Published October 31, 2012
LOS ANGELES, Calif. — Amidst much fanfare, the new museum display featuring retired space shuttle Endeavour opened to the media and invited guests here on Wednesday (Oct. 30).
Groups of children from museum-partnered elementary schools were in attendance alongside reporters and invited guests at the new Samuel Oschin Space Shuttle Endeavour Display Pavilion at Los Angeles' California Science Center.
The opening ceremonies were befitting of the orbiter's return to Southern California, where it was built back in the 1980s.
Endeavour arrived at the museum Oct. 14, after being flown from Florida to Los Angeles atop a jumbo jet, and then rolled through city streets from the airport to the museum. [Photos: Shuttle Endeavour's Street Parade]
The orbiter is being temporarily housed in a metal hangar building connected to the main California Science Center museum. A new, much larger building will be completed nearby within a few years, and will feature the shuttle in vertical configuration, complete with solid rocket boosters and an external tank mock-up. This will make Endeavour the only retired shuttle to be displayed in "launch mode."
Endeavour's sibling shuttle orbiters, Discovery and Atlantis, will spend their retirement at the Smithsonian National Air and Space Museum outside Washington, D.C., and the Kennedy Space Center Visitors Center in Florida, respectively, while the prototype shuttle Enterprise is on display at New York City's Intrepid Sea, Air and Space Museum.
Endeavour's opening ceremony began Wednesday with Bill Nye, former TV host and current CEO of The Planetary Society, introducing featured speakers.
After opening remarks, the Grammy Award-winning singer James Ingram delivered a stirring rendition of "I Believe I Can Fly." The assembled crowd joined in for the final refrains. Ingram later commented that he was very proud to be associated with this grand opening, and how glad he was to have such an icon of the space age in Los Angeles.
"It gives me hope that one day regular folks like us can go into space and come back transformed," he said.
Speaking out against naysayers
Among the featured speakers were California Governor Jerry Brown, who pointed out that Endeavour had been built just a few miles away at (then) Rockwell International, and had been a boon to the California economy. He challenged the "many naysayers who ask why did we spend billions on the shuttle and $2.5 billion on Curiosity?"
"Why? Because human beings are about exploration, are about experimentation," he said.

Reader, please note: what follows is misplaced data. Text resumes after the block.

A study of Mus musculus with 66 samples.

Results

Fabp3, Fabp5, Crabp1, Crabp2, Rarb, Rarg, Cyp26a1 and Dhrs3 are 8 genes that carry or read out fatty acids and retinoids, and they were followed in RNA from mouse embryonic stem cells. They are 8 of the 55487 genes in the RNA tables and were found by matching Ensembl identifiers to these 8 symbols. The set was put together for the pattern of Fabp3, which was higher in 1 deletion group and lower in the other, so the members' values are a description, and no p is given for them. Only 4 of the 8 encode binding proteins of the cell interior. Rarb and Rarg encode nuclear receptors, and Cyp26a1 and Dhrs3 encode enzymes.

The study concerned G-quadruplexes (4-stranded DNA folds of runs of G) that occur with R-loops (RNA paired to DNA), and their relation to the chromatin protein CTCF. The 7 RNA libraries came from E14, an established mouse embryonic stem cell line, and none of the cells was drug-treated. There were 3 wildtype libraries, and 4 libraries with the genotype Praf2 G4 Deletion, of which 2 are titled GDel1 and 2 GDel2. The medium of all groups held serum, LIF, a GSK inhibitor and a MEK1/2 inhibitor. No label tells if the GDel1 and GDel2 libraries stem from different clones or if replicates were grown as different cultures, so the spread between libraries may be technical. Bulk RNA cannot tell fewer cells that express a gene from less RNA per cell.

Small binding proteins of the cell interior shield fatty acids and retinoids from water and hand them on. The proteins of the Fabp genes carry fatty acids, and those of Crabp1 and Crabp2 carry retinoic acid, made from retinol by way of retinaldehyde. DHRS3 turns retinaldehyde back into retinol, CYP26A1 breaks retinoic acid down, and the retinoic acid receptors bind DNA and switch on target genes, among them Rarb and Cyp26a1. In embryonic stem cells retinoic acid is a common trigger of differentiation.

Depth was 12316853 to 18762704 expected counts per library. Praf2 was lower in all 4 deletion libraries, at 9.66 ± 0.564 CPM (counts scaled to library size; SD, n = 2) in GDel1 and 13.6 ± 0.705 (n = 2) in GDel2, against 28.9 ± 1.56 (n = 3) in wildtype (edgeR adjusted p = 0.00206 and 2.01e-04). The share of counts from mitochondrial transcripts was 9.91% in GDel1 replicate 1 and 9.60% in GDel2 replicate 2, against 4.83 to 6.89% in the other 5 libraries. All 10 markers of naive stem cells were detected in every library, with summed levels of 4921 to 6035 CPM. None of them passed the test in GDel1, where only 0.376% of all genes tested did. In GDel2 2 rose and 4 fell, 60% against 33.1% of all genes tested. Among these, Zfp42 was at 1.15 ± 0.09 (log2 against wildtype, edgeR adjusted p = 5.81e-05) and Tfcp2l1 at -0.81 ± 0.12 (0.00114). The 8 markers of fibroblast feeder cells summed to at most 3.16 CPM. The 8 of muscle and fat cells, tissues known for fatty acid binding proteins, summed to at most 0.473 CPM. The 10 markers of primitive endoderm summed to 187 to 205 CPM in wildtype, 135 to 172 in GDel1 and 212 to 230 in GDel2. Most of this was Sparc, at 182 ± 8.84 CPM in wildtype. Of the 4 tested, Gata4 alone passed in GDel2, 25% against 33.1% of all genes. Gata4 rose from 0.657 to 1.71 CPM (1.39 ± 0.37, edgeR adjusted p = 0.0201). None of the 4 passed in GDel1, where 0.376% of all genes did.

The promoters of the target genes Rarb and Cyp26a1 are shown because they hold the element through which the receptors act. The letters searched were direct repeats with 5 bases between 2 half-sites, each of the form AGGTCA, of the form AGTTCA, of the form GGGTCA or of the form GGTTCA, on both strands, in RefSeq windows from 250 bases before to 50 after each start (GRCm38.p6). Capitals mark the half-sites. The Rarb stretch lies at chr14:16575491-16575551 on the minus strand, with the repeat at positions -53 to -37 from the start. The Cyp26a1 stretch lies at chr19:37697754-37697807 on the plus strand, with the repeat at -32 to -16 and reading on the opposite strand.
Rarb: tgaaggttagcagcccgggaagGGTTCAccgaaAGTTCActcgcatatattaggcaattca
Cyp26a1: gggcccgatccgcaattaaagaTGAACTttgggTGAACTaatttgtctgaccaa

Los Angeles mayor Antonio Villaraigosa also took the podium to comment on what Endeavour means to Los Angeles and the future of science and technology education. When the mayor addressed the children present, asking who wanted to be an astronaut, most of the adults in the room joined the kids to raise their hands with great enthusiasm.
Nichelle Nichols of "Star Trek" television fame was also present, as was June Lockhart from "Lost in Space." Both were warmly welcomed by the crowd, with Nichols acknowledging her introduction with a famous Vulcan gesture and a hearty "Live long and prosper."
After the speeches and a vibrant dance number choreographed by dancer and actress Debbie Allen (to the quirky theme of "Men In Black"), the schoolchildren, who had shown masterful restraint, were free to wander the exhibit and marvel at the machine above them. More than one simply stood, mouth agape, taking in the vast tiled underbody of the orbiter. [Shuttle Endeavour: 6 Surprising Facts]
Antonio Rosales, a fourth grader at the Science Center's resident magnet elementary school, could barely take his eyes off the orbiter. "It's so big!" he exclaimed. "I like science, and my school is really cool because we get to do science. And now we have this," he gestured to the orbiter, "And that's really, really cool."
Sophie Juarez, a second grade student, proudly announced that she knew the number of flights that Endeavour had made. "Twenty-five!" she beamed. "It went to space 25 times." She then looked shyly at her friends surrounding her, and whispered, "I want to be an astronaut when I grow up and go to the moon!"
David Dickenson of Los Angeles stood nearby with his young son. "I wanted him to see the shuttle and remember this moment," he said. The boy, Matthew, pulled his father toward the nearby shuttle main engine display. "He's only five, so it may be a bit soon. But I think he'll remember it. I sure will," Disckenson said.
The main engine exhibit, video kiosks and a Spacelab unit round out the exhibits inside the hangar.
A public welcome
A few hundred feet away inside the adjoining museum, well over a thousand people stood in line awaiting the public opening at 11 a.m. PDT. Clarisse Washington was typical of the crowd: "I just had to come," she said. "The shuttle is such a part of us, of L.A., you know? I just can't wait to get inside!"
Behind her stood Ralph and Linda Johnson. "We came from the Bay Area to see this opening," Ralph remarked. "It's not everyday that a shuttle arrives in California, and now that we are retired, it's time to do the things that count."
Outside a balmy sun warmed further crowds gathering around the building hoping for a chance to see the newly arrived orbiter. Hawkers sold American flags and "Endeavour Mission 26" buttons. It was a festive picture and the crowds were all smiles as they prepared to enter the exhibit.
Bruce Wexler of Westminster, Calif., summed it up best. "Look at these people! It's just so thrilling to see all these people come out to see the shuttle," he said. "It's great to see the interest in space, and I think this exhibit will be good for getting kids interested in science again."